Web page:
Conservation spotlight


Conservation spotlight
National Wild Turkey Federation, Arizona Chapter
By Bernardo P. Velasco, state chapter president

How did your group get started? The National Wild Turkey Federation started in 1973 at a time when there were only about 1.3 million wild turkeys in the entire United States (today there are about 7 million). This was particularly alarming to many turkey hunters nationally, who decided to take action. The current state chapter of the NWTF was started in 1993 by Judge Richard Fields, at that time a practicing lawyer in Tucson, Ariz. The state currently has 12 active chapters, with at least two or three more coming on board this year.

What is NWTF’s purpose? The NWTF works toward the conservation of wildlife and the preservation of hunting. As such, the organization works in partnership with the Arizona Game and Fish Department to transplant Merriam’s wild turkeys within the state and relocate Gould’s wild turkeys within the state and from Mexico. There are now Gould’s in the following mountain ranges: Huachucas, Chiricahuas, Catalinas, Pinalenos, Galiuros and Santa Ritas. These populations appear to be thriving, and with a little luck and a lot of rain, hunting may soon be upon us. The organization is also actively involved in Guzzlers for Gobblers, which provides water development projects to help turkeys and other wildlife have sustainable access to water.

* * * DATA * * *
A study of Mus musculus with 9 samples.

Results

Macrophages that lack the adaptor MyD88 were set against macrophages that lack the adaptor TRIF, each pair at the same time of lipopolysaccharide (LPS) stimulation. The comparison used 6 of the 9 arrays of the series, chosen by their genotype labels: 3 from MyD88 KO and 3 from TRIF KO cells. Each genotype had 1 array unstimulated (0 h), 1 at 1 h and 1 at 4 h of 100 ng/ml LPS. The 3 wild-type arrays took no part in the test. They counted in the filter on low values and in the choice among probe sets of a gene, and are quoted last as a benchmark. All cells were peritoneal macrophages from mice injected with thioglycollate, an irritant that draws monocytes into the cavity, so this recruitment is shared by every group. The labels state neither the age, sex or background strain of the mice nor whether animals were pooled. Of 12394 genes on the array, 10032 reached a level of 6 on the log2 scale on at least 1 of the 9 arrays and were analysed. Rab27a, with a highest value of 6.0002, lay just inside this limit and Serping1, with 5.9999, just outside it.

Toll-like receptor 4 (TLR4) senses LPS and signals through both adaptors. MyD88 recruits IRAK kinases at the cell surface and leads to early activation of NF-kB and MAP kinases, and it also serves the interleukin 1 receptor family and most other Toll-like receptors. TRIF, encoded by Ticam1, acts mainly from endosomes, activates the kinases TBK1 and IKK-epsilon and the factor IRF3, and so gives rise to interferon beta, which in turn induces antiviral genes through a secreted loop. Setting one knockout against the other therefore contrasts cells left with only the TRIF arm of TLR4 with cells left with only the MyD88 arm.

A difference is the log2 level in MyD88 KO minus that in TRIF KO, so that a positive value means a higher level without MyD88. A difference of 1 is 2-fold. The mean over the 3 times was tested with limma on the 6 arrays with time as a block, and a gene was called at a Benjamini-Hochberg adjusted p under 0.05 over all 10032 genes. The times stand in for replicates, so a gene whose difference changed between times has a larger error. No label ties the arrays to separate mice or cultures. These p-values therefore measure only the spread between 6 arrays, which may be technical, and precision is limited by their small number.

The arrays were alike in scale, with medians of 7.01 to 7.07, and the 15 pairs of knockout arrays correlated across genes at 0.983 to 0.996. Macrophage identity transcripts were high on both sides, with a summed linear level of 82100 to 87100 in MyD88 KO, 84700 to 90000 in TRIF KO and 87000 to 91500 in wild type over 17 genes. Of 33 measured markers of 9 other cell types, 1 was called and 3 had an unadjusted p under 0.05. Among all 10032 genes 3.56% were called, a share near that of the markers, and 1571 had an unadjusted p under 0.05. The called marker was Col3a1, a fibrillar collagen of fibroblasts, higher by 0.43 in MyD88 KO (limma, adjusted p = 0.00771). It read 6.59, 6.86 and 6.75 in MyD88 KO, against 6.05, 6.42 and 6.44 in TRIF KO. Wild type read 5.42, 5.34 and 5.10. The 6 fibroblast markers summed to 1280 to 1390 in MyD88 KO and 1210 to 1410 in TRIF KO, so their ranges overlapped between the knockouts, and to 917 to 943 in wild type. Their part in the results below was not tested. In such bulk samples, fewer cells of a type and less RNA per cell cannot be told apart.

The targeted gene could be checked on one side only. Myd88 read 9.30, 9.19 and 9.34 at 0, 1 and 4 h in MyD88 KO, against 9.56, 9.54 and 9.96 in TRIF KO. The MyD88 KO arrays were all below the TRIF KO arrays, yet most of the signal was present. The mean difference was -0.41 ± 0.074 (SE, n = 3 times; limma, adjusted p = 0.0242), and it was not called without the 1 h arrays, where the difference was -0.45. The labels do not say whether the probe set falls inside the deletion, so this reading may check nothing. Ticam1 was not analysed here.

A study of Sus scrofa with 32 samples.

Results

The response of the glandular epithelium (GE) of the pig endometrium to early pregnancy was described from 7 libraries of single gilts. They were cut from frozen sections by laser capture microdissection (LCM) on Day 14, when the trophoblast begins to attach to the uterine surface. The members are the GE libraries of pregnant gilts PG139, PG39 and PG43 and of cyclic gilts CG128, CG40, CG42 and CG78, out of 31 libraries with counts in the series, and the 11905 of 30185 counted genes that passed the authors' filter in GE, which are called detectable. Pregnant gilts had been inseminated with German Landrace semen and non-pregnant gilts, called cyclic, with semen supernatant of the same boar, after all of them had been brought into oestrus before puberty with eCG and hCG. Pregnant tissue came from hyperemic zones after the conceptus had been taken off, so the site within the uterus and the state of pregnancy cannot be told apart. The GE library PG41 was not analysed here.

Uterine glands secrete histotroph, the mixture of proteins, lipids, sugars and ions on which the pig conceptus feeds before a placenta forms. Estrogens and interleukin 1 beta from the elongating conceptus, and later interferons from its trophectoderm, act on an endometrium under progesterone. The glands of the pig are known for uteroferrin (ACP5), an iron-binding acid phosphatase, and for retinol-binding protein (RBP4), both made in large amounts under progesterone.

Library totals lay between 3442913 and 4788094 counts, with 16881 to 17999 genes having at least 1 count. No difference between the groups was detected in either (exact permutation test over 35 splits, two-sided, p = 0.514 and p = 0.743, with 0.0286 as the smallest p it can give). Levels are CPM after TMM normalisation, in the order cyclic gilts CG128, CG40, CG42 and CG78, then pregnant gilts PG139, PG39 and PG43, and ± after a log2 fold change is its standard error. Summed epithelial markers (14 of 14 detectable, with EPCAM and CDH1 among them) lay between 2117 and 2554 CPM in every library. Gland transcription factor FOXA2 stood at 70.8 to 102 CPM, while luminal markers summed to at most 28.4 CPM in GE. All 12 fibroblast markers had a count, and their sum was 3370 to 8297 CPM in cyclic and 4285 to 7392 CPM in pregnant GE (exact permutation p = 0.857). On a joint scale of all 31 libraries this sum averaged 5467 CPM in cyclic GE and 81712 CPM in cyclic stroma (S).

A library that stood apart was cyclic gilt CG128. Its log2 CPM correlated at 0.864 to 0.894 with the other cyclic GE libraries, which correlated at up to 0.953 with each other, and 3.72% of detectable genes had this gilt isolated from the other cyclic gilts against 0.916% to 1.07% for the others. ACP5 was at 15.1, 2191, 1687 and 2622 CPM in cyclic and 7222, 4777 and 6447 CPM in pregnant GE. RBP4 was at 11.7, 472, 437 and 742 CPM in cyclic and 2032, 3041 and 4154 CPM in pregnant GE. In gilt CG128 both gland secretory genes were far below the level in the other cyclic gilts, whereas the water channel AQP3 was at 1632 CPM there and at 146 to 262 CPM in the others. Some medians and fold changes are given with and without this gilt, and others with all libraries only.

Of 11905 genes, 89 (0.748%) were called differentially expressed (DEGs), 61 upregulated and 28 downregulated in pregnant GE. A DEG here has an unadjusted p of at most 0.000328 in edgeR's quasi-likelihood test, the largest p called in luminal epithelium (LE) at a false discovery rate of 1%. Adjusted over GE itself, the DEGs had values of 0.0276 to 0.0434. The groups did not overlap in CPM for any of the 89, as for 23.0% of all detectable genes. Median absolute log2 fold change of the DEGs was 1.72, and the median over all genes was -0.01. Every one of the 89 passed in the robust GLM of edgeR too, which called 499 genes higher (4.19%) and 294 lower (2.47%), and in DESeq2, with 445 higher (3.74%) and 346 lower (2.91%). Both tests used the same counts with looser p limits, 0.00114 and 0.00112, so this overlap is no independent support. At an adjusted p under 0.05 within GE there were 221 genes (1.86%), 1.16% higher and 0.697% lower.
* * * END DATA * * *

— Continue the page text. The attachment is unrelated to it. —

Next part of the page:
How many members do you have? There are now 500,000 members throughout the country. The state of Arizona has about 1,000 members. This number will increase as new chapters are formed in Prescott and Cottonwood, Ariz.

What else does NWTF do? The NWTF also sponsors events such as Women in the Outdoors, Wheeling Sportsmen (disabled hunters), and JAKES (youth) activities. Individual chapters throughout the state do charitable work by distributing turkeys on Thanksgiving Day and gifts at Christmas to the less fortunate.

While the conservation spotlight is shining on NWTF, what would you like to say? My message to the hunting public is, “Join the NWTF.” We rank third in the nation for using monies raised for the express purpose they were donated.

How can people reach you? The Web site for the NWTF is www.nwtf.org. Arizona chapter information can be accessed from that Web site. The current state chapter president is Bernardo P. Velasco. You can contact him at (520) 205-4630 (work) or (520) 982-5457 (cell). The regional director is Jim Warren, who can be reached at (520) 237-5824.